Leadership Without Selfishness

By definition, pride is a high or inordinate opinion of self dignity, importance, merit, or superiority, whether as cherished in the mind or as displayed in bearing, conduct, or attitude. According to the book of Proverbs, pride goes before destruction and it is far better to live humbly with the poor than to share plunder with the proud.

According to Dave Anderson, a well recognized speaker, pride is the leading cause of managerial breakdown.

“There are many reasons managers fail. For some, the organization outgrows them. Others don’t change with the times. Some spread themselves too thin and work long and hard but not smart. Many abandon the priorities and disciplines that once made them great and never get back to them. A few make poor character choices. But all these causes for management failure have their root in one common cause: pride. In the simplest terms, pride is devastating. I’m not talking about the pride one has in their work or their accomplishments. I’m indicating the pride that inflates your sense of self-worth and distorts your perspective of reality.”

From this quote, Dave implies that there are two types of pride. One is healthy while the other can be destructive. Healthy pride is the foundation for a positive attitude. It is the cornerstone of self esteem and a healthy, strong, ego. Effective leadership requires a healthy ego and a positive attitude in order to influence and direct team members adequately. Healthy pride focuses on an abundance based vision of the future rather than a vision rooted in scarcity.

Pride, in its unhealthy form, seems to focus mostly on self; always asking the question, “What is in it for me?” Pride replaces a positive attitude with a negative one, and is recognized outwardly as conceit or arrogance. Because this type of pride focuses so much on self, it creates conflict between team members preventing the creation of relationships. Pride allows denigration instead of edification. The ego in this form of pride is not healthy, often resulting in acts of stubbornness, irritability, belittlement, and rudeness. This selfish mindset justifies the need to take shortcuts or make compromises in judgment resulting in an “above the law” mindset. So what does all of this mean?

Pride can prevent you from developing true team spirit within your organization. An inflated importance of individuality will prevent your becoming servant focused. This condition, according to John Maxwell, is known as the “Superman Syndrome.” Thoughts like, “The team would never win without me; I am the reason our team is successful; They should all recognize how valuable I am”, dominate. Your arrogance trumps your humility and your self-centeredness will eventually lead to destruction.

Over time, pride’s self importance will transform you into a “know-it-all”, and since you already know everything, you are completely un-coachable and un-teachable. You think you already know everything you could possibly need to know. You believe you have arrived. You believe you are at the top of your game. The problem is you must constantly defend your self appointed position of power. Everyone becomes a threat. You develop a distorted view of reality and your ability to correctly lead becomes clouded by your obsession with your own self advancement and position preservation.

Your pride will not allow you to admit mistakes or recognize your areas of personal weakness. If problems develop within your team, you become the first to point the finger of blame toward others. Everything is the company’s fault, your boss’s fault, your downline’s fault, your spouse’s fault, your upline’s fault, the government’s fault, or your sponsor’s fault. You refuse to acknowledge and subsequently ignore your contribution to the problem. You become deaf to suggestions from your team or your superiors, and their warnings of impending breakdowns go unheard. Steven Covey says, “It takes humility to seek feedback. It takes wisdom to understand it, analyze it, and appropriately act on it.”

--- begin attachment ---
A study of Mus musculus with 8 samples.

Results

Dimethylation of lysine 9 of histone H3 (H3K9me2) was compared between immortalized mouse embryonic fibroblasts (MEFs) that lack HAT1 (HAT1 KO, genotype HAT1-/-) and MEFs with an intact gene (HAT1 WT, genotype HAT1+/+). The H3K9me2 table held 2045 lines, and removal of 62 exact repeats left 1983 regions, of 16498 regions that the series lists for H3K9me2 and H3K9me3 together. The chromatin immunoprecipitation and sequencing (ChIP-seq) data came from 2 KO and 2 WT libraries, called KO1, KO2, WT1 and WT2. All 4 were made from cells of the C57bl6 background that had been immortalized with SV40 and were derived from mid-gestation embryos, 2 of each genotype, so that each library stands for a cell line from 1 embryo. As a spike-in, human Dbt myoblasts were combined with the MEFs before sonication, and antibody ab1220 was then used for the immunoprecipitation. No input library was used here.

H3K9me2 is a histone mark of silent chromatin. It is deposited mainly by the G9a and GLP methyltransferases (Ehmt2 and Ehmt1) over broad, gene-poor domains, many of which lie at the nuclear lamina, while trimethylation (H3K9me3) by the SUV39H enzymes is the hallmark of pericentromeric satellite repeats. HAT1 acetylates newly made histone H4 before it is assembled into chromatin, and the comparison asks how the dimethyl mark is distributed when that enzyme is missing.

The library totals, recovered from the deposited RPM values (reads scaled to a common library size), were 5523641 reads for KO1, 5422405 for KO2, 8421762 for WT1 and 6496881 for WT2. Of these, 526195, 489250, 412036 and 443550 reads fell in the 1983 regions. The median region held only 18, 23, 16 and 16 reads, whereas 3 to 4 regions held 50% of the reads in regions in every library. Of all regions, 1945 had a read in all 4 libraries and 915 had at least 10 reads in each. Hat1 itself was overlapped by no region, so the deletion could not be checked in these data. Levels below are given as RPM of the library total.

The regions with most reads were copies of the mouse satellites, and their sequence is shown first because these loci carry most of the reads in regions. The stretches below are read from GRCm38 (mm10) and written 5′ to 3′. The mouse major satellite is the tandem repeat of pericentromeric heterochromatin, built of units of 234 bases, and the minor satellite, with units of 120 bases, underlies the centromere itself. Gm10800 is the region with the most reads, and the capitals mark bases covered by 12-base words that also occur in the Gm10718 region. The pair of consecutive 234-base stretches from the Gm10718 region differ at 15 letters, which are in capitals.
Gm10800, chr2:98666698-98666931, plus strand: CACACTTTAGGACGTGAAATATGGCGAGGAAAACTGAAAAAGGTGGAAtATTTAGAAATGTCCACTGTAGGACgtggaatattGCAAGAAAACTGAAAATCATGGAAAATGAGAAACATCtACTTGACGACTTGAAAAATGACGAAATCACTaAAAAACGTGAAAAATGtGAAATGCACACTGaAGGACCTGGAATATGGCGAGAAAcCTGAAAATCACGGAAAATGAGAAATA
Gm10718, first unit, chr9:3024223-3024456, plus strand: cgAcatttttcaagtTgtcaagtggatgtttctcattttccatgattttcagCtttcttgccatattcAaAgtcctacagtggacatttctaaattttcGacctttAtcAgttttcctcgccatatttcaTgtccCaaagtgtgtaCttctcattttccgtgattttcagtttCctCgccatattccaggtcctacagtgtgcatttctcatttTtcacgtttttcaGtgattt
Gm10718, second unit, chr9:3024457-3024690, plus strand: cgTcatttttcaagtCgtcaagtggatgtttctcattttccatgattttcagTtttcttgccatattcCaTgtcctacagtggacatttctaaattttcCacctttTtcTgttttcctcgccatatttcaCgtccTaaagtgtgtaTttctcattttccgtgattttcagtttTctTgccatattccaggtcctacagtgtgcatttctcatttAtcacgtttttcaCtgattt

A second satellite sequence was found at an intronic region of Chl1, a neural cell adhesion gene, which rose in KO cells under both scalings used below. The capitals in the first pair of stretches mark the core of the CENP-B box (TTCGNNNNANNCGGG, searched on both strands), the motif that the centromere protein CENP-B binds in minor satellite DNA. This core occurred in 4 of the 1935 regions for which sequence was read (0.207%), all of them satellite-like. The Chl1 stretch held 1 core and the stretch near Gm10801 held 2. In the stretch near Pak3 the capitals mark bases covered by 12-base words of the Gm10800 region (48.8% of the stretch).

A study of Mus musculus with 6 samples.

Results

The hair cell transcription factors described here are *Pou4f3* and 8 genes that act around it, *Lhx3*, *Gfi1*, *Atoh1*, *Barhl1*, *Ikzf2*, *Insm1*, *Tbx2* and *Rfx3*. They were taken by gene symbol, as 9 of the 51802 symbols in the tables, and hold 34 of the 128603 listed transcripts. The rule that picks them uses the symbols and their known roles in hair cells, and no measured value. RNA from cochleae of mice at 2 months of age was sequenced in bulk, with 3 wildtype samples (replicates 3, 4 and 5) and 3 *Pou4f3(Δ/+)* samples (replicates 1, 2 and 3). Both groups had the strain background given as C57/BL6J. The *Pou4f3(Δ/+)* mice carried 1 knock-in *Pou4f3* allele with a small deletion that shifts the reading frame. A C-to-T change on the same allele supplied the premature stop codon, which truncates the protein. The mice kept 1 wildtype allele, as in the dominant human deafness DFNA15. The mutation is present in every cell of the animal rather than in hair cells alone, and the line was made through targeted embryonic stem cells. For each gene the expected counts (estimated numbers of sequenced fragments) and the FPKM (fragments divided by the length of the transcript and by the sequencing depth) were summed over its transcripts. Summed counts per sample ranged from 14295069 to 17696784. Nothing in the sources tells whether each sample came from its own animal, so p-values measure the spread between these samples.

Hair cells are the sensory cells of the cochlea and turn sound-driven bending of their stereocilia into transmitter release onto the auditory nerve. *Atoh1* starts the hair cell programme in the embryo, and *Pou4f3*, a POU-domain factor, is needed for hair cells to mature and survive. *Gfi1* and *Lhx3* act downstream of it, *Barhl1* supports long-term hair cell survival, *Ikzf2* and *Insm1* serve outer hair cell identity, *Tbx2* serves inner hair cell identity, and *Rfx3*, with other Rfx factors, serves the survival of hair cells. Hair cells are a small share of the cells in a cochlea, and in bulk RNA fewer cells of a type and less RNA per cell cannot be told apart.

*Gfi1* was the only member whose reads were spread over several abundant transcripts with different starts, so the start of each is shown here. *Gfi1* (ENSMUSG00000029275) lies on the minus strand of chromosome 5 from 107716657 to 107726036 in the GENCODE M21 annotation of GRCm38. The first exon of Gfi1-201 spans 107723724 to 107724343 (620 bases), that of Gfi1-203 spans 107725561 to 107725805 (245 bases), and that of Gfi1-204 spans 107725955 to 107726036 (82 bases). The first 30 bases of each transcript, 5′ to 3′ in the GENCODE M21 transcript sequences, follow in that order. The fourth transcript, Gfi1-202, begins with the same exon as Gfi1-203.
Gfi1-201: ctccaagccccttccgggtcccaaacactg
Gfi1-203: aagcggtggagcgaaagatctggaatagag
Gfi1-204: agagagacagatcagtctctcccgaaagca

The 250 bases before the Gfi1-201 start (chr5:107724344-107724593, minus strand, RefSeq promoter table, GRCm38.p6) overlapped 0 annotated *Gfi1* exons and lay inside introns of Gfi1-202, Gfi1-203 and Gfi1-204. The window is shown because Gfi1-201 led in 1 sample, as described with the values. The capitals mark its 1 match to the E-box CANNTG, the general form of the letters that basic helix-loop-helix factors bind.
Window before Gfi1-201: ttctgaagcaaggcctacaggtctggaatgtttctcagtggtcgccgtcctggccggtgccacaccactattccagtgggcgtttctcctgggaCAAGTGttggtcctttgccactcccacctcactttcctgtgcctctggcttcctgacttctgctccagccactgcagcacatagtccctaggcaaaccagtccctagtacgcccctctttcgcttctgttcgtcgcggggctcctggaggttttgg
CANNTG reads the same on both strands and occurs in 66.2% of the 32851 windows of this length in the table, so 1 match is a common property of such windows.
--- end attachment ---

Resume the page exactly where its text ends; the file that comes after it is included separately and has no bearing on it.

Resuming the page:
Arrogance blocks your ability to recognize the need for change. You are more apt to justify why things should remain the same, even if they are broken, rather than embrace the possibility that there could be a better way. Disaster looms near.

We all fall prey to pride. Pride, if unchecked, can eliminate effectiveness in leadership. It is a character flaw that can crumble individuals, destroy relationships, crush organizations, topple dynasties, and annihilate empires. Leaders who fail to “rein in” pride will meet with failure. That is not a prediction, it is a guarantee without exception.

The key is to recognize pride for what it can become and change course as rapidly as possible. According to C. S. Lewis, “If you think you are not conceited, you are very conceited indeed.” You will never be able to subdue pride, but you can corner it and hold it at bay. Find a mentor and open yourself up to counsel and feedback from them. Find a coach that exhibits character, integrity, and ethics and then ask for their direction. But make sure you remain humble enough to listen. Remember if you do all the talking, you are simply listening to what you already know.

Put yourself in service mode; community service, public service, church service, or a local service organization. These are all good choices. Just recognize that you are there to listen and to serve rather than to rule.

Learn to laugh at yourself. Instead of feeling humiliated when you trip and fall, see the humor and laugh at yourself. Laughter is a great healer. It mends relationships and rights wrongs.

Most importantly, pray with a heart of gratitude and count your blessings daily. Remember that all you have can disappear overnight, but all you are remains for a lifetime.